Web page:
Sunday, November 8, 2009

Avoid the "Automatic Lose"

Followup to: How to Follow Through: The Emerging Science of Self-Control

Self-control is about behaving closer to your 'ideal self', and taking the actions that you would, upon reflection, like to take. As shorthand, I will categorize success at matching the actions of your 'ideal self' as winning.

The theory is silent concerning what your ideal self should be; that is a decision you have to make for yourself. Theoretically, you can decide that your ideal self eats chocolate all day and gets kicked out for not bothering to pay the rent, but most of us prefer, under many circumstances, to exercise self-control. More reasonably, your ideal self may very well read every xkcd as soon as it comes out (while it's still optimally topical), but bar you from reading the not-quite-as-funny smbc until your weekly task list is done. In this case, we won't characterize reading xkcd right away as 'losing' if it is something that you genuinely, on reflection, consistently want to do.

Let me categorize aspects of your daily life into three categories, and illustrate each with an example.

1. Automatic Win. Example: you are a former smoker, have no easy way of getting cigarettes, and have gotten into the habit of not smoking; as a consequence, you do not spend much of your time thinking about smoking.


  • You win (that is, you behave the way your 'ideal self' would)
  • You do not suffer short-term Ego Depletion
  • You do not exercise your willpower
2. Deliberation. Example: you are a smoker who has recently quit, and you have cigarettes available. You are tempted to smoke.

  • You have a chance of winning, but also a chance of losing
  • You suffer short-term Ego Depletion
  • You exercise your willpower; sufficiently exercising your willpower is believed to increase your medium-term willpower reserves
3. Automatic Lose. Example: you are a smoker who is not currently consciously trying to restrain his level of smoking.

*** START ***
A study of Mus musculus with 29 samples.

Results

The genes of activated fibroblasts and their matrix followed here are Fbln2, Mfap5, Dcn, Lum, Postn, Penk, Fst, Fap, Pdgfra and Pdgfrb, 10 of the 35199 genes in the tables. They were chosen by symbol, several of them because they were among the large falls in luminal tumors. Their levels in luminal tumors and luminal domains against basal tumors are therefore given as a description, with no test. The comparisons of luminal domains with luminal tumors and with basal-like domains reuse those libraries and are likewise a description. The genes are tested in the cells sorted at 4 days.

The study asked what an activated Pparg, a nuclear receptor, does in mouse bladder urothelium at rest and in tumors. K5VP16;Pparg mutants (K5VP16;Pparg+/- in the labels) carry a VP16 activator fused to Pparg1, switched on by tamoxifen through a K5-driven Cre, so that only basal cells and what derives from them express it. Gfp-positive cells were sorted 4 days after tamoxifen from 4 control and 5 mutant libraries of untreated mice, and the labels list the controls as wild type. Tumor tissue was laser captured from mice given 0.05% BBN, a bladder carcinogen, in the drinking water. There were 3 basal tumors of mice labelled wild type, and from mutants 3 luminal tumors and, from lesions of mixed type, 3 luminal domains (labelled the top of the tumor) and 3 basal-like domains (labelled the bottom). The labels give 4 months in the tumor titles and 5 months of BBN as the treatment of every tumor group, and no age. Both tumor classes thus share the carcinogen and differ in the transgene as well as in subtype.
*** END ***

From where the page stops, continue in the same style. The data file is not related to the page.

• You lose (that is, you do not behave the way your 'ideal self' would)
  • You do not suffer short-term Ego Depletion
  • You do not exercise your willpower
We see that category 1, the Automatic Win, dominates (always gives a better outcome than) category 3, the Automatic Lose. So moving a part of your daily habits from category 3 to category 1 seems clearly beneficial.

Category 1 has two strong advantages over category 2: first of all, you don't suffer short-term Ego Depletion, and secondly, you don't risk losing. The only downside is the loss of an opportunity to exercise and strengthen your medium-term willpower. For now, I would tentatively advise preferring category 1 to category 2.

Some examples of behaviors that you can try to improve and, if they are in category 3, move into categories 1 or 2:
  • Eating too few vegetables
  • Exercising too little
  • Working too few hours (or too many hours, depending on what you value)
  • Disengaging from your work
  • Failing to get up the first time the alarm goes off
  • Checking for a new xkcd, even though you already checked for one when you were at the start of this article
We close with a simple summary:



What are some examples of how you can move 3s into 1s?

Rolf Nelson

They tend to be specific to your goals, what habits you currently have, and what your environment currently is. Hypothetical examples: someone who never keeps junk food in his home, or never buys video games, or doesn't own a TV.

Nathan Labenz

I have a really loud, annoying alarm, and I sit it across the room from my bed. There is no choice but to get up and turn the damn thing off.

I'll be looking for other opportunities.


You keep on using xkcd as an example of a potential lose, but provide links to it every time - you're moving it from a 1 to a 2 for us!

But I really just wanted to say I'm enjoying your articles tremendously. Thanks.